Posted November 15, 2011
Santorum extending appeal beyond social conservative base

Republican presidential hopeful Rick santorum spoke to about 20 people at the Lawrence Community Center in Anamosa Tuesday, Nov. 15, 2011. (James Q. Lynch/SourceMedia Group News)

ANAMOSA — Rick Santorum says he’s working harder in Iowa than any other candidate for the 2012 Republican presidential nomination.

Despite bottom rung standing in polls of likely caucusgoers, the former Pennsylvania senator thinks he’s making progress.

“I get pigeonholed as social conservative,” he said during a noon hour stop at the Lawrence Community Center in Anamosa Nov. 15. “But I can and do want to talk about other issues.”

That hasn’t gone unnoticed by Dennis Mulford of Anamosa, who said he “probably back the most conservative candidate” in the Jan. 3 precinct caucuses.

“He’s been around the block,” said Mulford, who is a member of the 9-12 Project, a tea party group.

Jenn Jones said Santorum is getting a lot of second looks from her fellow tea party members as they learn he has an agenda that extends beyond social issues.

“The interest is growing, according to Jones, Santorum’s Jones County precinct captain. “A lot of people think he’s simply a social conservative, but they’re learning that he’s a full-range conservative.”

Santorum spoke about his concerns that Iran is developing nuclear weapons and the threat that poses because the country is governed by a “radical theocracy. Noting that President Obama once referred to Iran as a “tiny country” that did not pose a serious threat, Santorum outlined a plan for preventing a nuclear Iran.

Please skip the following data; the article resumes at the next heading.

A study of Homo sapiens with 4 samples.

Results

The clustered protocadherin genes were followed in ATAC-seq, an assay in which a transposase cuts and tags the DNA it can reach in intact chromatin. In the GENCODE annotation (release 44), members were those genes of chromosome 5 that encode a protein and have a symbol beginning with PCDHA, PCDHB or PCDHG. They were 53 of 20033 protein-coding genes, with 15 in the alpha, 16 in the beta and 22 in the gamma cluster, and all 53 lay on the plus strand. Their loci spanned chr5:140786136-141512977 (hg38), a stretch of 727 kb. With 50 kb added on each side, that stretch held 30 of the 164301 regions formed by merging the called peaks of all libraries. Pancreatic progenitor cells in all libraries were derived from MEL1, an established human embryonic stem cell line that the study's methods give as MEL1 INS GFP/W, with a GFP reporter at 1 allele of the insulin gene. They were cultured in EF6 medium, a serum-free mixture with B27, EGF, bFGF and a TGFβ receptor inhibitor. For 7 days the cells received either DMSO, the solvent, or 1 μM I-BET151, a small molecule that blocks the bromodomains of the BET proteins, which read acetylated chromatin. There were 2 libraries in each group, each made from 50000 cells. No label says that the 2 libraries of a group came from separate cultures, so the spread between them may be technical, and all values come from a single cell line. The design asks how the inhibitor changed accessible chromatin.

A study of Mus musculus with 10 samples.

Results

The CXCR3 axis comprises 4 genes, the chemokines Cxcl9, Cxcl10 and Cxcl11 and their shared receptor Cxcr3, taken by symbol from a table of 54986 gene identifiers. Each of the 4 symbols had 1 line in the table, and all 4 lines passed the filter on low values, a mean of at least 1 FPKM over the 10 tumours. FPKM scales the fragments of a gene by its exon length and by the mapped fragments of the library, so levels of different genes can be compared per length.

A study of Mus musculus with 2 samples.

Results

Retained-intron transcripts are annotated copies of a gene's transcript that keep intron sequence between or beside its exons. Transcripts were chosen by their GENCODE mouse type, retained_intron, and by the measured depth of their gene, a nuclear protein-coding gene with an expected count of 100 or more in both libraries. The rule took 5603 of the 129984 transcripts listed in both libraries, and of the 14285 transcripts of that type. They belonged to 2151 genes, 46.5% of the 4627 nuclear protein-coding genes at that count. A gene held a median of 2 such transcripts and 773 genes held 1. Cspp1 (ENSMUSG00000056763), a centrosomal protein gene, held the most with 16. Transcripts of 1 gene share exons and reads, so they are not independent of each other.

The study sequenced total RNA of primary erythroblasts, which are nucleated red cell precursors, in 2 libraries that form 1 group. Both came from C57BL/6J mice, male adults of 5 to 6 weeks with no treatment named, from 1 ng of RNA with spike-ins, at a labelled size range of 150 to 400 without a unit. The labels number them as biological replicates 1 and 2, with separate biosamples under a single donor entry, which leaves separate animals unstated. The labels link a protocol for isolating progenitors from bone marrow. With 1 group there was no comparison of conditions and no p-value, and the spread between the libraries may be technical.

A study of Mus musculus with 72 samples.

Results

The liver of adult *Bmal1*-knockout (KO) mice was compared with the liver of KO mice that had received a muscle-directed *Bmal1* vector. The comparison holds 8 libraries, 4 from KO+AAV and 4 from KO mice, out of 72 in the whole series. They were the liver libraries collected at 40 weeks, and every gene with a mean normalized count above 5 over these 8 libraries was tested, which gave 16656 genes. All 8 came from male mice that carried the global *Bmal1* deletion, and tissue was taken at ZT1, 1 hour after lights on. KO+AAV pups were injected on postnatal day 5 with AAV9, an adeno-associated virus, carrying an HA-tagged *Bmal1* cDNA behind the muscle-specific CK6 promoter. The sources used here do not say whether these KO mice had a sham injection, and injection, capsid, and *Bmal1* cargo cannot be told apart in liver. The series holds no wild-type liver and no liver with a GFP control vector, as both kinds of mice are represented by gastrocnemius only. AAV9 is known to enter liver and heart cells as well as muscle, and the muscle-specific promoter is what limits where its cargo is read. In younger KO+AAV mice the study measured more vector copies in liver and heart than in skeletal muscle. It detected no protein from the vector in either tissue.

Santorum, who served eight years on the Senate armed forces Committee, called for reinstating full funding for the Iran Freedom and Support Act, which he authored. He also called for working with Israel to determine the proper military response, including the authorization of targeted airstrikes on Iranian nuclear facilities.

Although Santorum also addressed taxes, the economy, Obama’s vacation schedule and the threat of domestic terrorism, he came back to social issues in the end.

“Everything we’ve seen in this country over the past few years, the economic problems, was because people did things that were not consistent with the values that made this country great,” Santorum said.

He attributes to the failure to teach values.

“We don’t teach (virtue) and the institutions that do teach it, I would make the argument, the left is trying to assault it every day to destroy, which is the church and the family,” Santorum said. “Unless we have families that are stable, that can raise and support children and inculcate them with virtue and faith, we’re not going to be successful in the long-term.”

Santorum continues his tour of Iowa today: 8 a.m., Happy Joe’s, Clinton; 10 a.m., DeWitt Community Center; 12:15 p.m., Scott Community College Student Life Center, Bettendorf; 3 p.m., The Vineyard, Muscatine; and 7 p.m. house party in Cedar Rapids.